Dying Suddenly - Sudden Cardiac Death
People at Risk
- Individuals who have coronary artery disease, especially those who have suffered myocardial infarctions ("heart attacks") in the past
- Individuals who have congestive heart failure of any cause
- Individuals with intrinsic heart muscle disease such as hypertrophic cardiomyopathy, idiopathic dilated cardiomyopathy, and arrhythmogenic right ventricular dysplasia
- Individuals with family history of heart muscle disease and SCD
- Individuals with syncope of unknown cause
- Individuals who abuse cocaine or heroin
Coronary artery disease is the underlying heart disease in 70 to 90% of individuals who succumb to SCD. Although many episodes of SCD are called "heart attacks," most of them, in fact, do not represent new myocardial infarctions. The arrhythmias that occur originate in previously damaged regions of the heart, and no new heart damage is necessary to start the arrhythmias.
Patients with congestive heart failure are at high risk of SCD. As left ventricular ejection fraction falls, the risk of SCD increases regardless of the underlying cause of the heart disease. Ironically, CHF patients who receive certain types of antiarrhythmic drugs are particularly prone to suffer proarrhythmic side effects of the medications because of interactions between the medications and the diseased tissue. Some non-antiarrhythmic medications, the beta blockers and angiotensin-converting enzyme inhibitors, have been shown to decrease the risk of SCD in CHF patients, but the degree of risk is still much higher than that of a normal healthy person.
SCD is frequently seen in individuals with heart diseases where the primary problem lies with the heart muscle cells themselves; these diseases are called cardiomyopathies. Different cardiomyopathies are caused by different cellular defects, but most of the cardiomyopathies are associated at one time or another with congestive heart failure and the formation of scar tissue in the ventricles. Since many cardiomyopathies are genetically transmitted, individuals in families that exhibit cardiomyopathy who have family members that have died suddenly appear to be more prone to SCD than those without a family history of SCD.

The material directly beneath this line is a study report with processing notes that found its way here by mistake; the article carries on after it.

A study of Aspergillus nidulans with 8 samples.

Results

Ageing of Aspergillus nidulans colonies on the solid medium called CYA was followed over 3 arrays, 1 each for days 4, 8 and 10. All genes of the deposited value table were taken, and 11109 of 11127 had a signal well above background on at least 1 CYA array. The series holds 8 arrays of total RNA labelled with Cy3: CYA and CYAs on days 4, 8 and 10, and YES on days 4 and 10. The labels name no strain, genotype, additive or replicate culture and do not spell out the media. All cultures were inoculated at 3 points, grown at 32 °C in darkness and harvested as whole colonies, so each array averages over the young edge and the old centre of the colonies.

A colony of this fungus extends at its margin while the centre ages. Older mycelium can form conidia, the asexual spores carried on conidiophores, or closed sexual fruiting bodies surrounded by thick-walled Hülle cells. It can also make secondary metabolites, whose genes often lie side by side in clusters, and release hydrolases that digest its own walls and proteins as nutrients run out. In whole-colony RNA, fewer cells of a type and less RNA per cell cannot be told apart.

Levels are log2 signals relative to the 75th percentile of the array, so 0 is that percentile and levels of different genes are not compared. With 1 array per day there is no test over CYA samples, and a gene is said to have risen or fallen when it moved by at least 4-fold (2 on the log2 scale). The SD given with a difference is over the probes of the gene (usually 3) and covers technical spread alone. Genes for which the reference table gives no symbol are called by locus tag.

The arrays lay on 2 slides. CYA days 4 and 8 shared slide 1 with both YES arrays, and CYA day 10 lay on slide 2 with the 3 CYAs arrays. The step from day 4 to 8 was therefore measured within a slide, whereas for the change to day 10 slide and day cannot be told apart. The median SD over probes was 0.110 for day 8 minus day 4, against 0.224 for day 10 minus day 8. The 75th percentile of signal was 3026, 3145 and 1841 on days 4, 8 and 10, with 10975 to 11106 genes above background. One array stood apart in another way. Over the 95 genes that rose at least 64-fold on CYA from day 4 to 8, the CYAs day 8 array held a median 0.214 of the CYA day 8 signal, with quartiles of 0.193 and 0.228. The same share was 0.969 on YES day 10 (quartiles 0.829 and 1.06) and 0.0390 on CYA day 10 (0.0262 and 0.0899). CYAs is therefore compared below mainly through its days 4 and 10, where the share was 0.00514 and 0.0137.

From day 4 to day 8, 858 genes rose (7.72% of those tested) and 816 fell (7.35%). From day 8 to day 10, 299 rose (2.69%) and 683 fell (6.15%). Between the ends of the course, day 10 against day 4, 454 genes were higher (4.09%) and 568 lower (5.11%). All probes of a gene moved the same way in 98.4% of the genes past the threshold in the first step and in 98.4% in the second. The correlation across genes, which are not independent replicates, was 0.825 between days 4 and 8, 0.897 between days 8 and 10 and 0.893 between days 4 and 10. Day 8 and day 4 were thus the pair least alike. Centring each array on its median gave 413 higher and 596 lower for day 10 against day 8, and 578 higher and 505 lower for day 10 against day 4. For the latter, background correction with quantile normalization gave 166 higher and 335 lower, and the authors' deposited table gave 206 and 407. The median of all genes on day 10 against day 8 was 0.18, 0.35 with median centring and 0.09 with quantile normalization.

Syncope is spontaneous loss of consciousness. Since arrhythmias may cause syncope and may also be the first and only manifestation of heart disease, thorough cardiac evaluation following an episode of syncope is very important. Although the most common causes of syncope are relatively benign, "aborted" SCD should be considered as a possible cause of syncope, especially in a patient who has not been evaluated. If no heart disease is found after thorough evaluation and the history suggests a simple drop in blood pressure in the absence of arrhythmias, one can be reassured that the likelihood of life-threatening disease is low.
Many drugs have been associated with serious arrhythmias. Antiarrhythmic medications, when administered to patients with heart disease, can have proarrhythmic effects as noted above. Cocaine has been noted to cause spasm of the coronary arteries and, in large repeated doses, to have a direct toxic effect on the heart muscle. The cocaine-induced cardiomyopathy shows the same tendency toward arrhythmias as other cardiomyopathies. In addition, cocaine increases adrenaline and catecholamine levels in the bloodstream that further stresses the heart and exacerbates the tendency toward arrhythmias.